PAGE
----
By Kerrie Lee Brown as published in Beyond Fitness, Spring 2008

More and more athletes are reaping the benefits of mind-body exercise - and as a result, their game and their physique are topping the scoreboard.

With the warmer weather upon us, guys are looking for alternative ways to build strength, increase energy and get in shape for their favourite summer sport. Pilates is a great way to incorporate invigorating and challenging new moves into strength training and sports conditioning regimens.

BENEFITS FOR ATHELETES

Pilates helps athletes develop core strength, increase flexibility, assists in rehabilitation after injury and creates balance throughout the entire body. As a result, athletes can withstand rigorous training regimes and ultimately improve their golf drive or baseball pitch, prevent or recover from injury, and maintain an optimal weight for their activity of choice.

“Pilates works on developing kinesthetic awareness of the body, or where it is in relationship to itself, and the world around it. It also focuses on good postural alignment which will help an individual perform a movement efficiently, thus reducing the amount of unnecessary strain on the muscles and joints,” explains Moira Merrithew, Executive Director of Education for STOTT PILATES®. “Specific strengthening exercises will also help to balance the muscles around a joint and balance pairs ofmuscles from one side of the body to the other.”

NOT JUST FOR WOMEN

Women have gravitated toward Pilates in the past, citing the desire to develop the long, lean physiques of dancers. It is only recently that men have realized the potential for Pilates training, although they still have to get past the stigma of it being “women’s exercise”. Men tend to strengthen the body from the outside rather than from the inside as Pilates does.

Generally, men have limited flexibility, weak pelvic floor musculature and a lack of postural muscles – all areas that can be targeted by Pilates practice. The endorsement of Pilates from a wide variety of male professional athletes may be spearheading the trend in male participants. These spokespeople include golfers Tiger Woods, David Duval and Steve Ballesteros; basketball star Jason Kidd; pitcher Curt Schilling; pro hockey player Carlo Colaiacovo and offensive lineman Ruben Brown, among others. These guys are helping fuel this mind-body method of exercise amongst the masses.

Generally, men have limited flexibility, weak pelvic floor musculature and a lack of postural muscles – all areas that can be targeted by Pilates practice. The endorsement of Pilates from a wide variety of male professional athletes may be spearheading the trend in male participants. These spokespeople include golfers Tiger Woods, David Duval and Steve Ballesteros; basketball star Jason Kidd; pitcher Curt Schilling; pro hockey player Carlo Colaiacovo and offensive lineman Ruben Brown, among others. These guys are helping fuel this mind-body method of exercise amongst the masses.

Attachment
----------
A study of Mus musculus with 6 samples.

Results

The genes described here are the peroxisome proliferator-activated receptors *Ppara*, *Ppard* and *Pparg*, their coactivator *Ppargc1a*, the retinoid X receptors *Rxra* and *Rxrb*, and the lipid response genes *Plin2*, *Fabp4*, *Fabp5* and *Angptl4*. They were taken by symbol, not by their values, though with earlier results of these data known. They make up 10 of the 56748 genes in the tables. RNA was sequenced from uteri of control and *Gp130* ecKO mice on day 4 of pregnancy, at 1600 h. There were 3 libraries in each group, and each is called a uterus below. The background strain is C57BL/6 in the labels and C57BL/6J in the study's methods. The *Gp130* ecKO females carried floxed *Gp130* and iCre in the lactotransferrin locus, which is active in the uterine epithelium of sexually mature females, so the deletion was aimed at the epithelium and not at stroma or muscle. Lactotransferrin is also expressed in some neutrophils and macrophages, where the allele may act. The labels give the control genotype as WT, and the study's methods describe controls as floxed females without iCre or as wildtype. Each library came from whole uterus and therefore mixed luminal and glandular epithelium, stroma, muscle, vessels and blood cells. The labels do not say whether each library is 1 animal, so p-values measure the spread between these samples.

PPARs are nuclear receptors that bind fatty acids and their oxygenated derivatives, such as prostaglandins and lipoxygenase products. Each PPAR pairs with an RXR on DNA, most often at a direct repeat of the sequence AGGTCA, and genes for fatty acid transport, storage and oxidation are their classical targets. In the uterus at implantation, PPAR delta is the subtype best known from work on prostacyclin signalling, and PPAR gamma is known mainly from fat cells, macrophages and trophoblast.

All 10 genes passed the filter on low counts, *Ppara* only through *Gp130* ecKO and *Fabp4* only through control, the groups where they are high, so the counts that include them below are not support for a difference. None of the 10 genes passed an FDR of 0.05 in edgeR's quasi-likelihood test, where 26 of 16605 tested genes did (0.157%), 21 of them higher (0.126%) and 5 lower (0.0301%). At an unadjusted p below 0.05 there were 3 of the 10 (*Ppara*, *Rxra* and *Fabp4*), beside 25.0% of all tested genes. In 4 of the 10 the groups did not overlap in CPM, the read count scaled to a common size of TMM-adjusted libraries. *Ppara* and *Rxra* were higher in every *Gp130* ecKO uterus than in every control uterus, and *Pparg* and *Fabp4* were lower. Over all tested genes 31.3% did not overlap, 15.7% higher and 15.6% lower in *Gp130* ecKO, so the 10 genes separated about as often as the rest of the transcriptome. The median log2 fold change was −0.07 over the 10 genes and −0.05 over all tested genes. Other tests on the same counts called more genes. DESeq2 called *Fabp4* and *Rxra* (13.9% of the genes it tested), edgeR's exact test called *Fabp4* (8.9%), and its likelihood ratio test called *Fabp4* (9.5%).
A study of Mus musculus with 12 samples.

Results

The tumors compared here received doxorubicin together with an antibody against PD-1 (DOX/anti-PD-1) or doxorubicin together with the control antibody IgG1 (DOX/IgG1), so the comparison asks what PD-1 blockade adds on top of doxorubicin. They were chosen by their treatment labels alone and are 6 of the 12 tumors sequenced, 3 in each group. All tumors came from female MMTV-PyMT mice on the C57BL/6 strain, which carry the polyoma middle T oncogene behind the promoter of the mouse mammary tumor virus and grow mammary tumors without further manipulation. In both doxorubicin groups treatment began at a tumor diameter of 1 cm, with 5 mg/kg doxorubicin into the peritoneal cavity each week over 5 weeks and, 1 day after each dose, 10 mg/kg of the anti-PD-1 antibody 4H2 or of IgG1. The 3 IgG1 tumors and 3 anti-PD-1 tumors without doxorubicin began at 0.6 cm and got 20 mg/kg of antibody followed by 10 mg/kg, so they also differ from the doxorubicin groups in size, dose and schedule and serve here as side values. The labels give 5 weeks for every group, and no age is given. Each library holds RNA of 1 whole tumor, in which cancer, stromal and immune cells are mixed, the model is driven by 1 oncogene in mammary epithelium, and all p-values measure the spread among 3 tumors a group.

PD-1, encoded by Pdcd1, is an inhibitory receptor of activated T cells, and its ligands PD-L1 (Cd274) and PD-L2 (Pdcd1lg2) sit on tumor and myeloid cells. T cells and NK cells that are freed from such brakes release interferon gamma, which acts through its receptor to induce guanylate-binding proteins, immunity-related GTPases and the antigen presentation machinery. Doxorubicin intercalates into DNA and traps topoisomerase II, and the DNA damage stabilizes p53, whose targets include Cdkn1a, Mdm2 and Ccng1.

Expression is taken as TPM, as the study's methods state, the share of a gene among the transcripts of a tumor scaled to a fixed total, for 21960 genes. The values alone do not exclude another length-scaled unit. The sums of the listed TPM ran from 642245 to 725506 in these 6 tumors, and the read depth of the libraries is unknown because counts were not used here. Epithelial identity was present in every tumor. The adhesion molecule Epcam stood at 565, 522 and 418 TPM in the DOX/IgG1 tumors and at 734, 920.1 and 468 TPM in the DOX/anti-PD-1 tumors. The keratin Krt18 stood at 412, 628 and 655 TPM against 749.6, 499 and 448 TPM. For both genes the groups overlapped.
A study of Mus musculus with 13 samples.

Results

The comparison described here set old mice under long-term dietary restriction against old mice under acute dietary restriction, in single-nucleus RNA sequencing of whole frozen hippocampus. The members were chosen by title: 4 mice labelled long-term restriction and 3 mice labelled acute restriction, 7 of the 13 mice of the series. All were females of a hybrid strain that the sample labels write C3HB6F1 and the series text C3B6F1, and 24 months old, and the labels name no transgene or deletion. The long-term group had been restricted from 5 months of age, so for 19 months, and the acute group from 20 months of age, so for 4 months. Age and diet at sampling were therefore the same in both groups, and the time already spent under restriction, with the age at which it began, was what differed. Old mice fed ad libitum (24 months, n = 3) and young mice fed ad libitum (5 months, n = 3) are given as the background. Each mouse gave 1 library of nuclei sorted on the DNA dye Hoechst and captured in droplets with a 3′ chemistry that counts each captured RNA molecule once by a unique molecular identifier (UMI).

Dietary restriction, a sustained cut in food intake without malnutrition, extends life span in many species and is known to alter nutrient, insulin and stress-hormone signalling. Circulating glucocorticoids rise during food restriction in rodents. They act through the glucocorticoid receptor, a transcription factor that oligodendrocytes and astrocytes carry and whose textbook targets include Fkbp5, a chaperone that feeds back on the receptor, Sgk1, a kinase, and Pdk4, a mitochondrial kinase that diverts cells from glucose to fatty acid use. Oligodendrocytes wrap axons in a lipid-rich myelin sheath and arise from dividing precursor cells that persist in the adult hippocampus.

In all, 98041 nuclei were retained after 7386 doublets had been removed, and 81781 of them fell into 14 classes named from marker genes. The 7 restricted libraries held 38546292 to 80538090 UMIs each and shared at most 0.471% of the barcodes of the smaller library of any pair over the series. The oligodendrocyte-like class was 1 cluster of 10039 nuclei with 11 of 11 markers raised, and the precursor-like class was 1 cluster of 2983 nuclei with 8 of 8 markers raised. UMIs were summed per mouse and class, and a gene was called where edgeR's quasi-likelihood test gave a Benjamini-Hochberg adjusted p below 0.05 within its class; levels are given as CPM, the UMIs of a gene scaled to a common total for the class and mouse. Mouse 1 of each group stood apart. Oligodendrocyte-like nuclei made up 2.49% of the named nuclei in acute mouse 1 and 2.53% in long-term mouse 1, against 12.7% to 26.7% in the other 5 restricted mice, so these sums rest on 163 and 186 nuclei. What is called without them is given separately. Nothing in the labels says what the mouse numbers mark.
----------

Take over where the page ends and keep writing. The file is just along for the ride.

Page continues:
John Garey, STOTT PILATES Master Instructor Trainer and owner of John Garey Pilates in Los Angeles, trains men and women for athletic conditioning regularly. Among his most recognized clients are the band members from No Doubt and the Captain of the US Rugby Team, Mike Hercus.

Many pro athletes are incorporating Pilates into their regular training regimens. In particular, they are turning to this method for strength conditioning and the rehab of sport-related injuries. These are guys who go through intense training preseason and during the season for their sport who were perhaps introduced to Pilates while on the mend from injury – but for the most part, they are sticking with it because it works.

“I’ve heard from many athletes that when they take Pilates, they start to think about their body and its function differently. In particular, they start thinking about their “centre” or “core”. Ultimately they find that they transfer all that they learn in the studio to the playing field – often subconsciously. We hear from clients all the time – whether they are cyclists, golfers, rugby players – that they find they have more power after taking Pilates,” explains Spring 2008 Beyond Fitness 61 PilatesTips & Training By Kerrie Lee Brown W Garey. “In general, athletes are good at what they do, and since Pilates is often a foreign activity for them, they are forced to think about what they are doing physically and mentally. It’s not like a cyclist doing a Spinning class. Pilates makes athletes get back in touch with their basic training principles and therefore expands on what they already know. The benefits are amazing – increased power, strength and mobility.”